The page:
Horror films are often inspired by true crime, and Tobe Hooper's "The Texas Chainsaw Massacre" is no different. The iconic 1974 movie was among the first wave of slasher films to popularize the genre just before its Golden Age between 1978 and 1984. Leatherface (Gunnar Hansen) was a hulking killer who donned a DIY flesh facial mask and used a chainsaw to chop up his victims. It was unbelievably gruesome, so how true was the film's marketing about being a true story?

While Leatherface's real-life inspiration didn't target young adults with power tools, he did live in a quaint farmhouse with equally disturbing hand-crafted human décor. The cannibalistic family and their eclectic displays of violence, which turned into an eight-film franchise, followed in the footsteps of an oft-overlooked Midwestern grave robber.

Can you guess which famous killer loosely inspired Leatherface, one of horror's most vicious villains? Here's a hint: "The Texas Chainsaw Massacre" isn't the only film that borrowed elements from this sadist.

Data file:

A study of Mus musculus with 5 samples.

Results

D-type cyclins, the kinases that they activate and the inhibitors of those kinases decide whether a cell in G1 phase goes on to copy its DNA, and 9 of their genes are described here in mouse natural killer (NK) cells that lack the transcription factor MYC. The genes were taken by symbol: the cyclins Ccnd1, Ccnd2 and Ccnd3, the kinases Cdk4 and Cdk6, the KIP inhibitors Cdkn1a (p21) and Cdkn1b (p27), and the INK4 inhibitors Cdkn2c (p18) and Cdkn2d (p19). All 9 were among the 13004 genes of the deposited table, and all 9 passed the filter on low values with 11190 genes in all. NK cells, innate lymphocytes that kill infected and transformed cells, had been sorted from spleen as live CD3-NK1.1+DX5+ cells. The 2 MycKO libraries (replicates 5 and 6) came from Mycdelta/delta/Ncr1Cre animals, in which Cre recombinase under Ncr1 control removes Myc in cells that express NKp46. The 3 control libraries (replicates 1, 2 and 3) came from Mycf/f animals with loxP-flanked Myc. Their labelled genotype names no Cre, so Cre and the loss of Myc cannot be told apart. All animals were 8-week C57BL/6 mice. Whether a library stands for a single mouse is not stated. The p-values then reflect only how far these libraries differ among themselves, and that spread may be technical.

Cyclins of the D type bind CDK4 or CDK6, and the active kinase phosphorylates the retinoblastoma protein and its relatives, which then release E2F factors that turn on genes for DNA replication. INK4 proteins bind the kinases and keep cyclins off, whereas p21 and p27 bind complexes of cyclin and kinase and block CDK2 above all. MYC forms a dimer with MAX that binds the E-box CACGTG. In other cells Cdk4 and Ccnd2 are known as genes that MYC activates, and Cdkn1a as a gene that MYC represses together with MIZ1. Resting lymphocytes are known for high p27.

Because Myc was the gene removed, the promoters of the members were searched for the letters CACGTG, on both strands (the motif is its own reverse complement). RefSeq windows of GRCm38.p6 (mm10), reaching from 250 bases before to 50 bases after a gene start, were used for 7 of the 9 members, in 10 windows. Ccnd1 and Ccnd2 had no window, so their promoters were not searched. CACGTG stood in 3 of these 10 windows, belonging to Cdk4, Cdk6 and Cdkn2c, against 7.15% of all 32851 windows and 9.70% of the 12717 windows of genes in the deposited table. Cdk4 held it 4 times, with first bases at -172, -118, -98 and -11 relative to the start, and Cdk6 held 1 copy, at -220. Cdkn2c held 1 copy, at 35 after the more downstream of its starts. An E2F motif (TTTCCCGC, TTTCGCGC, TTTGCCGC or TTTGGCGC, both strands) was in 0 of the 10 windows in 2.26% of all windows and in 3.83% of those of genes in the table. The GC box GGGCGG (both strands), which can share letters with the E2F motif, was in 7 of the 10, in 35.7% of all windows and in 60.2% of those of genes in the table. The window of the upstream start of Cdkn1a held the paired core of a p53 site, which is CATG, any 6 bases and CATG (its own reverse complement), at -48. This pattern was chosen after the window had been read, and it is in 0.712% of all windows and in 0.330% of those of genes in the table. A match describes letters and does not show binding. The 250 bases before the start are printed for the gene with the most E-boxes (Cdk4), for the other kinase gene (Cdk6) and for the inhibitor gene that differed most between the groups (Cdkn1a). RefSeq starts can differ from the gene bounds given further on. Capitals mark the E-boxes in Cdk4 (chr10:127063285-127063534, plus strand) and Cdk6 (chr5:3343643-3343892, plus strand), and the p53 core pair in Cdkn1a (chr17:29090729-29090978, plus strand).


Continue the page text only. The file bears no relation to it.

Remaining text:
The Plainfield Ghoul to chainsaw massacrist pipeline

Ed Gein may not have the same household name notoriety as fellow Wisconsin native Jeffrey Dahmer, but both murderers left behind a cruel legacy of violence that would go on to inspire the horror genre. Nicknamed the Plainfield Ghoul, Gein was primarily a grave robber who collected body parts to desecrate in every way possible.

From clothing and jewelry made of skin to kitchen utensils carved from bones and salted body parts, Gein's home was like a macabre museum preserving his twisted trophies. While Leatherface is also a graverobber, he has a significantly higher kill count than Gein, who claimed just two victims. However, the killer's alarmingly nonchalant demeanor, human-skin masks, and presumed cannibalism heavily influenced the film's silent, flesh-wearing, chainsaw-wielding cannibal.

In addition to "The Texas Chainsaw Massacre," Gein's disturbing crimes served as inspiration for other legendary horror films like "Psycho" and "Silence of the Lambs." If you ask Hooper, though, the film isn't necessarily about Gein — it's about the meat industry.